Museum of the Albemarle’s doors may be currently closed to the public, but MOA staff continue our work!
Given we can’t meet in the lobby or galleries, I wish to take this opportunity to describe the behind-the-scenes nature of the work I perform. As a collections specialist, it is my duty to prepare artifacts to be placed on exhibit. Each museum object must undergo a specific process before it may be displayed.
After our curator decides which items best serve the goals of a particular exhibition, she removes those objects from their storage location, so my work may begin. I carefully examine each artifact. I scrupulously inspect the front, back, and whatever surfaces lie between, for inconsistencies in texture or form. I compare my notes to any paperwork that accompany the object.
It is important to determine which physical quirks are inherent to the piece’s life before it became a museum item. All of this information is summarized in a condition report. Photographs are also taken in an attempt to visually capture each scratch, dent or other defect that may sully an object’s appearance. Once the written and pictorial record is complete, I can assess how to treat the object.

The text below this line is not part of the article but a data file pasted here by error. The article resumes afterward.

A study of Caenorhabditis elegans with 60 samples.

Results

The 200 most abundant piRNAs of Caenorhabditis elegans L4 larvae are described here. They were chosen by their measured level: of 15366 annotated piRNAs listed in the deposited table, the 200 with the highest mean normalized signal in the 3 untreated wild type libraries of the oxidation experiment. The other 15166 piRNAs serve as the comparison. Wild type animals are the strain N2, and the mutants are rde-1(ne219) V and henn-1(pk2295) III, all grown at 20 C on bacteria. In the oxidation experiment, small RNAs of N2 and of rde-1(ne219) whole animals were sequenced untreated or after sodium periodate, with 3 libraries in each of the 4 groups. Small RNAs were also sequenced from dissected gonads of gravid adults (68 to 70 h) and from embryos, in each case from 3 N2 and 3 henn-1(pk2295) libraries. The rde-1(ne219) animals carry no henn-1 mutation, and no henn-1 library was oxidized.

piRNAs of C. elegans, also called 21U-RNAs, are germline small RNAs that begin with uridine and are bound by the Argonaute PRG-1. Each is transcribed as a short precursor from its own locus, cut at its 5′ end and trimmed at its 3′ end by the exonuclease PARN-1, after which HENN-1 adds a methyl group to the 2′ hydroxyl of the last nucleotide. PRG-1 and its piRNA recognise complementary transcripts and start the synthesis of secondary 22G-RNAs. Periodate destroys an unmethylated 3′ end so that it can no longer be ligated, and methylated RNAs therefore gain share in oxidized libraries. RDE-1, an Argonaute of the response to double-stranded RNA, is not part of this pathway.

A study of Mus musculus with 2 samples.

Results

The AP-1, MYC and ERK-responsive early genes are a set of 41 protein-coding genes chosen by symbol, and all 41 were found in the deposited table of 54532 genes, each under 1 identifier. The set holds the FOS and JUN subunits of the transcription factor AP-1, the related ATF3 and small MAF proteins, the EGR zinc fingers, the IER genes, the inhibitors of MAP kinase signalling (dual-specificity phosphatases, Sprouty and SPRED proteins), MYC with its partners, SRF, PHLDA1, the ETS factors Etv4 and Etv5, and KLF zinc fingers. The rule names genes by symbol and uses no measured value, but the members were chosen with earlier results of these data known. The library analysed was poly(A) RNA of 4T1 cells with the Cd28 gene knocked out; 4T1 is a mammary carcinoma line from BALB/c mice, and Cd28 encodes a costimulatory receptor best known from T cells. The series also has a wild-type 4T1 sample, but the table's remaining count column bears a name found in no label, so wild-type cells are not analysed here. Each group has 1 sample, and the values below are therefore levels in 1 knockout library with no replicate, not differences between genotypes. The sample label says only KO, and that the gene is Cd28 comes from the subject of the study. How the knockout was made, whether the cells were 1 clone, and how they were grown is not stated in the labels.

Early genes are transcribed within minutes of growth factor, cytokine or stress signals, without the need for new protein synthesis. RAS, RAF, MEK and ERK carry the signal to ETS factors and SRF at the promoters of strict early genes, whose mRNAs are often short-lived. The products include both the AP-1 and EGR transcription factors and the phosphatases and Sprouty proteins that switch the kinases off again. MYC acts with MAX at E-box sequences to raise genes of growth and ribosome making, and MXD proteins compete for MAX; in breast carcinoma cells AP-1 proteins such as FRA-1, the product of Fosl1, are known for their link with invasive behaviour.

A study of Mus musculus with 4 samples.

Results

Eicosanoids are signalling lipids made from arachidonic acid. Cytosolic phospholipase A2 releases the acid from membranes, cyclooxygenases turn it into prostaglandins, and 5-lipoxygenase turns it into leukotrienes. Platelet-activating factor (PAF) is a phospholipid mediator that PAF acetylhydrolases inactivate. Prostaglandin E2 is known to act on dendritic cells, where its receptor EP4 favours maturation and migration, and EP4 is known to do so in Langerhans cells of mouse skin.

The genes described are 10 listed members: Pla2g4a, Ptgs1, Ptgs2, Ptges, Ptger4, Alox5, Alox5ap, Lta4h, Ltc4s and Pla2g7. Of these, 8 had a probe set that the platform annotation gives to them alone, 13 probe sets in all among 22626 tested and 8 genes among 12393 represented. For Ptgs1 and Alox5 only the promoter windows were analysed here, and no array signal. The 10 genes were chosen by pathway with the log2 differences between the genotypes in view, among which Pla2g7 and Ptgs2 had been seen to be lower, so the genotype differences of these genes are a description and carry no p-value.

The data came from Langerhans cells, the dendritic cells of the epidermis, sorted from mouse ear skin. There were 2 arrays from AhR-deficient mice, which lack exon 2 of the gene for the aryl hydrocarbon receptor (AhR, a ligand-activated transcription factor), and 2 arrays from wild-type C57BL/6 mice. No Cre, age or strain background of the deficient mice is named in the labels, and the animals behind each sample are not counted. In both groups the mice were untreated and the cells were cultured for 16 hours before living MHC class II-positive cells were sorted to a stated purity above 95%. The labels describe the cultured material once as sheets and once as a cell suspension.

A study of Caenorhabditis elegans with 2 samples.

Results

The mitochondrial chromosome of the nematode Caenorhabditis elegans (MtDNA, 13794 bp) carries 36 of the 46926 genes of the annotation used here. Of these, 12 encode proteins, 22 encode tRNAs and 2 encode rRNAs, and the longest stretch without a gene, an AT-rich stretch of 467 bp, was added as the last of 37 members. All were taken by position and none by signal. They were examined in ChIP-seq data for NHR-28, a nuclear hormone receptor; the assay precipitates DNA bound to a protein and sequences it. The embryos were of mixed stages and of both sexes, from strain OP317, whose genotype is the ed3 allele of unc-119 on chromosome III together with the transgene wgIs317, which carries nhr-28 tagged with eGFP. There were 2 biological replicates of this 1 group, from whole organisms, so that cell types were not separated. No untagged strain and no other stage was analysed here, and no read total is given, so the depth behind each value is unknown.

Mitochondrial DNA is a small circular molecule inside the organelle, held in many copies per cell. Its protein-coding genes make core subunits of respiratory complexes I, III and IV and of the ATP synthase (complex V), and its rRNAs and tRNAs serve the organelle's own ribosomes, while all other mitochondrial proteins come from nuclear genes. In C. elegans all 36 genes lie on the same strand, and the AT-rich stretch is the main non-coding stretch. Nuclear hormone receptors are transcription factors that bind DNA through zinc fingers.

Object treatment varies from the simple to the highly complex. Examples of each treatment are included in the images here. Some objects may only have a surface layer of dust to be addressed, such as seen in the “before” picture of the telegraph key and relay. A clean, 100 percent cotton rag, slightly dampened with distilled water, is finessed across the object to remove loose dirt, dust and grime. The “after” image reveals metal hardware gleaming against a warm-toned veneer.
A more challenging treatment was required by the glass flask. Originally recovered from the River Bridge archaeological site on the Pasquotank River, this item was broken in several places.
Mindful of sharp edges, the pieces are carefully cleaned with distilled water and soft-bristled brushes. Any remaining moisture is whisked away with another clean cotton rag or swab. Dry and free from debris, the glass may be mended with a special, museum-grade adhesive that I mix myself.
Repairing the flask requires patience, as the adhesive for each join must set at least 24 hours before moving to an adjacent break. It is a meticulous task, but one that I find very gratifying. I relish the opportunity to make whole what once was broken. When each glass shard is returned to its proper place, the flask proudly stands in its display case!
A bookend to the condition report, a treatment report describing each step discussed above, in even more exacting detail, must be completed as well. Another set of photographs are taken to record the results of the treatment. Physical and corresponding digital files must also be updated to finalize the process. Proper documentation is a paramount responsibility to current coworkers and future museum professionals.
Jessica Cosmas is a collections specialist at Museum of the Albemarle.